Brute Meaning
Essays in Materialist Criticism from Dickens to Hitchcock

David Trotter

Selected Essays 9

Legenda

  28 September 2020  •  348pp

ISBN: 978-1-781889-19-0 (hardback)  •  RRP £75, $99, €85

ISBN: 978-1-781889-20-6 (paperback, 2021)  •  RRP £9.99, $12.50, €12.50

ISBN: 978-1-781889-21-3 (JSTOR ebook)

EnglishFictionFilm


The essays collected in this volume trace the evolution over a period of thirty years of a critical approach resembling what would now be described as the ‘new materialism’. These essays insist that literature and film are never more vital than in their enactment of the ‘brute meaning’ Maurice Merleau-Ponty once found in the work of Paul Cézanne: the crude sense we make, as creatures exercising an always already dispersed and relational agency, of the world we inhabit. This is a materialist criticism attentive at once to the forms brute meaning has taken in fiction and film, and to the history of its constitution by or in species, class, racial, and sexual difference.

The essays in Part I concern renderings of embodied experience in fiction by Charles Dickens, George Eliot, Thomas Hardy, Radclyffe Hall, Sylvia Townsend Warner, and others; those in Part II, renderings of space in films by D.W. Griffith, John Ford, Jean Renoir, Marcel Carné, Alfred Hitchcock, and others. When the topic demands it, they engage directly with discipline-shaping initiatives from the New Historicism of the 1980s through postcolonial studies to more recent reflections on the ‘posthuman’ condition. Part III pairs old and new essays, one framing a materialist criticism for the 1980s, the other for 2020. The polemical thrust of Brute Meaning is that any materialism worthy of the name must remain resolutely secular in emphasis and tone.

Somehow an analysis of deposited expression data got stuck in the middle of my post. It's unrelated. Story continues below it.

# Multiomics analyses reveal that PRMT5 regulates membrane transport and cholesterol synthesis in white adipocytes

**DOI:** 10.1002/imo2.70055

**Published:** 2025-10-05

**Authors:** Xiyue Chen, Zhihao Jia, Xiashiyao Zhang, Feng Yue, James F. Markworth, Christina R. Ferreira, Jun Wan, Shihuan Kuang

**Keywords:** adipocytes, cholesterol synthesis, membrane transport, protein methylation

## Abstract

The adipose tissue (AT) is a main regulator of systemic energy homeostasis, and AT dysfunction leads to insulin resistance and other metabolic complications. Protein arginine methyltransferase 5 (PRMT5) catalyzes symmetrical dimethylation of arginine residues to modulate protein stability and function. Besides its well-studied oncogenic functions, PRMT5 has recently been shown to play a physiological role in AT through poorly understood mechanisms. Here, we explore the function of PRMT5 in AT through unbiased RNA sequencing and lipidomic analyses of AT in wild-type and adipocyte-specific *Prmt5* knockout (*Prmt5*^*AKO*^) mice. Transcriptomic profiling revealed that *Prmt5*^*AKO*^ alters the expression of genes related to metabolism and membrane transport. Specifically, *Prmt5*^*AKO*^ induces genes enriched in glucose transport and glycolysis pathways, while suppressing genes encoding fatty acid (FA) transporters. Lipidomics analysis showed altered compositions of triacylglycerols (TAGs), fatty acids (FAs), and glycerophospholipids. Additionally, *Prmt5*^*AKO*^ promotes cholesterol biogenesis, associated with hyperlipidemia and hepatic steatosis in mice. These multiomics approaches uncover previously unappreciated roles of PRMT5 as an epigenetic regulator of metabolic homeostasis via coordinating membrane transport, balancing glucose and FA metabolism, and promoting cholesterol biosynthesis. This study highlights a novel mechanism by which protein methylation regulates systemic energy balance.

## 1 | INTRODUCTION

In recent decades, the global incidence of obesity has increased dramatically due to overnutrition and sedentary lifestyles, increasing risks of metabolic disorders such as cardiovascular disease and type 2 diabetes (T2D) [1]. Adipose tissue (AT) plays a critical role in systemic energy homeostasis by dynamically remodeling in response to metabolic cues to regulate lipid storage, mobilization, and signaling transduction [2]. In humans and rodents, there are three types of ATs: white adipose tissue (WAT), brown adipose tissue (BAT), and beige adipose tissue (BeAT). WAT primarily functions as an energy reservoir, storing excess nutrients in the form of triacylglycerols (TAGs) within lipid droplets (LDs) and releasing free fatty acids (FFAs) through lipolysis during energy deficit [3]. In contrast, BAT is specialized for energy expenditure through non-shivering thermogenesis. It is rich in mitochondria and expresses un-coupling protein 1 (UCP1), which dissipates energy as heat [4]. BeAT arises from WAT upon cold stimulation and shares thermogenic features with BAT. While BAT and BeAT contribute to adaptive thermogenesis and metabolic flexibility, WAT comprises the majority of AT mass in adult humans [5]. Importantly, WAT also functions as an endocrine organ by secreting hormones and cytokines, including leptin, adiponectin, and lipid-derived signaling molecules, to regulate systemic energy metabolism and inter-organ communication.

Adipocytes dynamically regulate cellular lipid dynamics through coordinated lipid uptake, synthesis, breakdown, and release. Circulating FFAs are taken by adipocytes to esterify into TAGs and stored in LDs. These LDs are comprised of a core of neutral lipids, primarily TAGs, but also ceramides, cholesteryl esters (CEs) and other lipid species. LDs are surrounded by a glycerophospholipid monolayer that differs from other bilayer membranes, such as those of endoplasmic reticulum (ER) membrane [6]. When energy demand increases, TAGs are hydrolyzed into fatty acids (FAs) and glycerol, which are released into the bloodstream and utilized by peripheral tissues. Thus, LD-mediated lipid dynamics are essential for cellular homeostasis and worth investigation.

David Trotter is an emeritus professor of English literature at the University of Cambridge, and a Fellow of the British Academy. He has written widely about nineteenth- and twentieth-century literature and culture, and about aspects of the history and theory of media.

Bibliography entry:

Trotter, David, Brute Meaning: Essays in Materialist Criticism from Dickens to Hitchcock, Selected Essays, 9 (Cambridge: Legenda, 2020)

First footnote reference: 35 Brute Meaning: Essays in Materialist Criticism from Dickens to Hitchcock, david Trotter, Selected Essays, 9 (Cambridge: Legenda, 2020), p. 21.

Subsequent footnote reference: 37 Trotter, p. 47.

(To see how these citations were worked out, follow this link.)

Bibliography entry:

Trotter, David. 2020. Brute Meaning: Essays in Materialist Criticism from Dickens to Hitchcock, Selected Essays, 9 (Cambridge: Legenda)

Example citation: ‘A quotation occurring on page 21 of this work’ (Trotter 2020: 21).

Example footnote reference: 35 Trotter 2020: 21.

(To see how these citations were worked out, follow this link.)